Why Black Holes Are Astonishing

FROM J. RICHARD GOTT, COSMOLOGIST AND PROFESSOR OF ASTROPHYSICAL SCIENCES AT PRINCETON UNIVERSITY: As I wrote in my book Time Travel in Einstein’s Universe, a black hole is a hotel where you check in but you don’t check out. Once you cross the event horizon surrounding the black hole, you have crossed a point of no return, and you cannot get back out. The escape velocity at the event horizon is equal to the speed of light and, since nothing can travel faster than the speed of light, nothing that has gone in can get out. If you fall into a non-rotating black hole, tidal forces will tear you apart as you approach the singularity in the center. But your time of torture is brief. The time from when the tidal forces start to hurt you until you are completely shredded is only 0.08 of a second. That’s independent of the mass of the black hole.
The largest black hole we have found so far is one of 3 billion solar masses found in the center of the galaxy M87. From the time you cross its event horizon until you reach the center would be about 5.5 hours. For a rotating black hole—and the black hole in M87 is surely one of these—the situation is more complicated. The exact solution to Einstein’s equations of general relativity for a rotating black hole shows a ringlike singularity at the center that can be avoided and a region of time travel trapped inside the event horizon, where you could meet your future self and perhaps then pop out into another universe. But there is no coming back to visit your friends in this universe to brag about your adventures. It seems likely, however, that a singularity will develop, blocking your way to these interesting regions. If this singularity is weak, then you might be able to pass through it—like going over a speed bump—and get into the interesting time-travel region and escape to other universes. If the singularity is strong, you will be torn apart before being able to do any time travel. To understand which will occur, we may need to understand quantum gravity—how gravity behaves on microscopic scales. This is one of the reasons the problem is so interesting.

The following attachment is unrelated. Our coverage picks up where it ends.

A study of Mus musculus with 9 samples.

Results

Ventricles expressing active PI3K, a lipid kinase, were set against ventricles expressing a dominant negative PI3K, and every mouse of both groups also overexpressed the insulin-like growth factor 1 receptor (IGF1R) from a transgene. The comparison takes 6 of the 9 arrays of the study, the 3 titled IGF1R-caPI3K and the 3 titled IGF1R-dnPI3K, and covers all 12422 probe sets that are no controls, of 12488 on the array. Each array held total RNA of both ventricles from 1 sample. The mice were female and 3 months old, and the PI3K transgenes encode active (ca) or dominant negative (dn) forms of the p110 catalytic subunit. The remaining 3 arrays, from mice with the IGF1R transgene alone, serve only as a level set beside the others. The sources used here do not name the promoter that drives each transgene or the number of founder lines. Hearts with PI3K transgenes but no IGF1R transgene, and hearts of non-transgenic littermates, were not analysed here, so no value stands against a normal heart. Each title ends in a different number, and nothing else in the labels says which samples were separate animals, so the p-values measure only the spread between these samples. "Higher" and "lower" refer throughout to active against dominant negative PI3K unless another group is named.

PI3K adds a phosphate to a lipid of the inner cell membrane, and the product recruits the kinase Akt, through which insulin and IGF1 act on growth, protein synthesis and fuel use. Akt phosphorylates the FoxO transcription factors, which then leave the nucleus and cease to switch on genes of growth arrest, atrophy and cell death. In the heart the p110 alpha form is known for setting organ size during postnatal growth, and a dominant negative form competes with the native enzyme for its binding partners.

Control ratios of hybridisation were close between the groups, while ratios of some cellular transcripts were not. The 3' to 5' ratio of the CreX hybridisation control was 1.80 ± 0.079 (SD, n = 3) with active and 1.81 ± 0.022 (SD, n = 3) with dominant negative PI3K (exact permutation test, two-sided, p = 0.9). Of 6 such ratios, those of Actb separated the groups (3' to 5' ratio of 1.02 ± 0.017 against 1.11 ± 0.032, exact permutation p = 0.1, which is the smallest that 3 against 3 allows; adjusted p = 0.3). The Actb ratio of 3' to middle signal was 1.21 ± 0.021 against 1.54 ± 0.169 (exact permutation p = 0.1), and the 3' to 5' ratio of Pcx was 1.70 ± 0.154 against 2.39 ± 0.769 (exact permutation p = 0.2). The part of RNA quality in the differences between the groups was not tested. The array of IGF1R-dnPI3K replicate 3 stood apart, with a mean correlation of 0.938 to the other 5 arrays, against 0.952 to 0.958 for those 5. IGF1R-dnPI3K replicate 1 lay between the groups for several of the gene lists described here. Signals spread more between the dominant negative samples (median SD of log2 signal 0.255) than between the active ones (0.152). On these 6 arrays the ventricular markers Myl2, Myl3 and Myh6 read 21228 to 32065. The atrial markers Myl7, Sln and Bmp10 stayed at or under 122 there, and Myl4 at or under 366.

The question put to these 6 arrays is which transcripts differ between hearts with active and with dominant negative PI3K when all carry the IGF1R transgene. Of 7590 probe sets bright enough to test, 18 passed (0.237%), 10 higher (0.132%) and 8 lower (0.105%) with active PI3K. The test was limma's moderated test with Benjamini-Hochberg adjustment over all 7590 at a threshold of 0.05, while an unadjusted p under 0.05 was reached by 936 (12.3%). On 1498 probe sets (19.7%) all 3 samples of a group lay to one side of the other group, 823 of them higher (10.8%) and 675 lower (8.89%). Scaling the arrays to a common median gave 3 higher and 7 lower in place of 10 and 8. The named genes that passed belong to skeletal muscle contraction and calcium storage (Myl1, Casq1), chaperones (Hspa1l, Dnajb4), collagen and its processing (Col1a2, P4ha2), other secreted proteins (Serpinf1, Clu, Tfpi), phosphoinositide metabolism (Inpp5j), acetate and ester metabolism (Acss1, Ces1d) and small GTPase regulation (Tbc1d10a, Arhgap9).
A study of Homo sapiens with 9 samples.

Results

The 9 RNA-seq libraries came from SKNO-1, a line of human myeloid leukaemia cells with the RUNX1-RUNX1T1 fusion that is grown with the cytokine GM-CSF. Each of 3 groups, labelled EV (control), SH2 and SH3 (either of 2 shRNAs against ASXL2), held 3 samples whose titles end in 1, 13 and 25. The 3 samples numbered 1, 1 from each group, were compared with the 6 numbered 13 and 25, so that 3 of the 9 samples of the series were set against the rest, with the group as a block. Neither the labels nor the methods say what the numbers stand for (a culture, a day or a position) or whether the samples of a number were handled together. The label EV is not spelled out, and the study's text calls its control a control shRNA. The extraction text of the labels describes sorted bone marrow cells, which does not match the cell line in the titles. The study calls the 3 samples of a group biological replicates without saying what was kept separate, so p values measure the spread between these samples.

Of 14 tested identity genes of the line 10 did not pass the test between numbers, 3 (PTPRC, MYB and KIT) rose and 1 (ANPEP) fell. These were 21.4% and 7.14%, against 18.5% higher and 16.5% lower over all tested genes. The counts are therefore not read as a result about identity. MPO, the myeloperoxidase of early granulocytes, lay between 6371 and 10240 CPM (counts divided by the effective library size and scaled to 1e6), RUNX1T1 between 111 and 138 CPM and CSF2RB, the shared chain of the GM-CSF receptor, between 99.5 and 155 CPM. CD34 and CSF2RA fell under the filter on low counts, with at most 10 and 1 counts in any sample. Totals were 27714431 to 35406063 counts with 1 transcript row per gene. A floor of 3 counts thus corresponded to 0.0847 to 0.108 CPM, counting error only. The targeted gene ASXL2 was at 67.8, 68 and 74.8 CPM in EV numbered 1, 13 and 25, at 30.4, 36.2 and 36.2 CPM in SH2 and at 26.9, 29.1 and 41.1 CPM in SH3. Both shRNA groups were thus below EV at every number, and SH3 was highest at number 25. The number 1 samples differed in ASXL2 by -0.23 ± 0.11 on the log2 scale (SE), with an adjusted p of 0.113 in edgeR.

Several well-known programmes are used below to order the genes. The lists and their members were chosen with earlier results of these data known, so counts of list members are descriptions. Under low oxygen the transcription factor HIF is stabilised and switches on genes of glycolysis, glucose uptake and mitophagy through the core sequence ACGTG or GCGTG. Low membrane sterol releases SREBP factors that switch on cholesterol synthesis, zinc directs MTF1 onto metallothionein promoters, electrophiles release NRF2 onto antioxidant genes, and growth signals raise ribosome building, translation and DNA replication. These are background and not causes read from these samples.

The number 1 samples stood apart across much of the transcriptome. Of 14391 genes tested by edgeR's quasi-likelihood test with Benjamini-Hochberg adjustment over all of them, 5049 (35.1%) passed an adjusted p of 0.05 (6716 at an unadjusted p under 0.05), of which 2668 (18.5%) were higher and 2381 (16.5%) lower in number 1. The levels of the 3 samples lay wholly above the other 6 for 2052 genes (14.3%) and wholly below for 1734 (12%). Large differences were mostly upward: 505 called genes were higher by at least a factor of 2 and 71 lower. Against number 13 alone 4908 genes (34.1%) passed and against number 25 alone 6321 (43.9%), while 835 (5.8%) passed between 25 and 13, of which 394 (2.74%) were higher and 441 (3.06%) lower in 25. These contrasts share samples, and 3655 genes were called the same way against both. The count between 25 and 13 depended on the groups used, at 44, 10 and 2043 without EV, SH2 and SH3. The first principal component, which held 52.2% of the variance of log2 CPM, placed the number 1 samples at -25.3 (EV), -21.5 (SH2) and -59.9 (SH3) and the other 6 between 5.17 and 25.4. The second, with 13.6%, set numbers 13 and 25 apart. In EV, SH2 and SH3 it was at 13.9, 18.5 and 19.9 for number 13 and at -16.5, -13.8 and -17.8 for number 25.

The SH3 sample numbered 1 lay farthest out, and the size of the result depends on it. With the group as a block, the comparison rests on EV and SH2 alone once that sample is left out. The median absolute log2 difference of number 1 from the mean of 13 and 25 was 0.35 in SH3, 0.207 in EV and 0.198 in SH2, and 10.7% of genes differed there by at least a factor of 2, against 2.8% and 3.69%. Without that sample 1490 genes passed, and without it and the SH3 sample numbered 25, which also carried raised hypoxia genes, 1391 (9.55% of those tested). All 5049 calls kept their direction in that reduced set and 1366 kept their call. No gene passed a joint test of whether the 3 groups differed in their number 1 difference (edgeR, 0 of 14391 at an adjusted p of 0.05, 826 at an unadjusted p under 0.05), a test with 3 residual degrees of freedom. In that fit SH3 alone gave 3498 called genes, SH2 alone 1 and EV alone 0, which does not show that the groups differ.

In 1974, Stephen Hawking showed that particles and anti-particles being created out of the vacuum in the vicinity of the event horizon (one falls in, whereas the other, just outside the event horizon, escapes) cause the black hole to radiate thermal radiation (now called Hawking radiation). This Hawking radiation causes the black hole to slowly lose mass and eventually evaporate completely. This is a very slow process. The black hole in M87 will take more than 1094 years (that’s a 1 with 94 zeros after it) to evaporate.

J. Richard Gott appears with Kip Thorne, Nima Arkani-Hamed, Juan Maldacena, Lee Smolin, and Leonard Susskind in "Why Black Holes Are Astonishing," the 22nd episode in the Closer to Truth: Cosmos, Consciousness, God TV series, hosted and created by Robert Lawrence Kuhn. The series airs Thursdays on the PBS HD network and many other PBS stations. Every Friday, participants will share their views on the previous day's episode.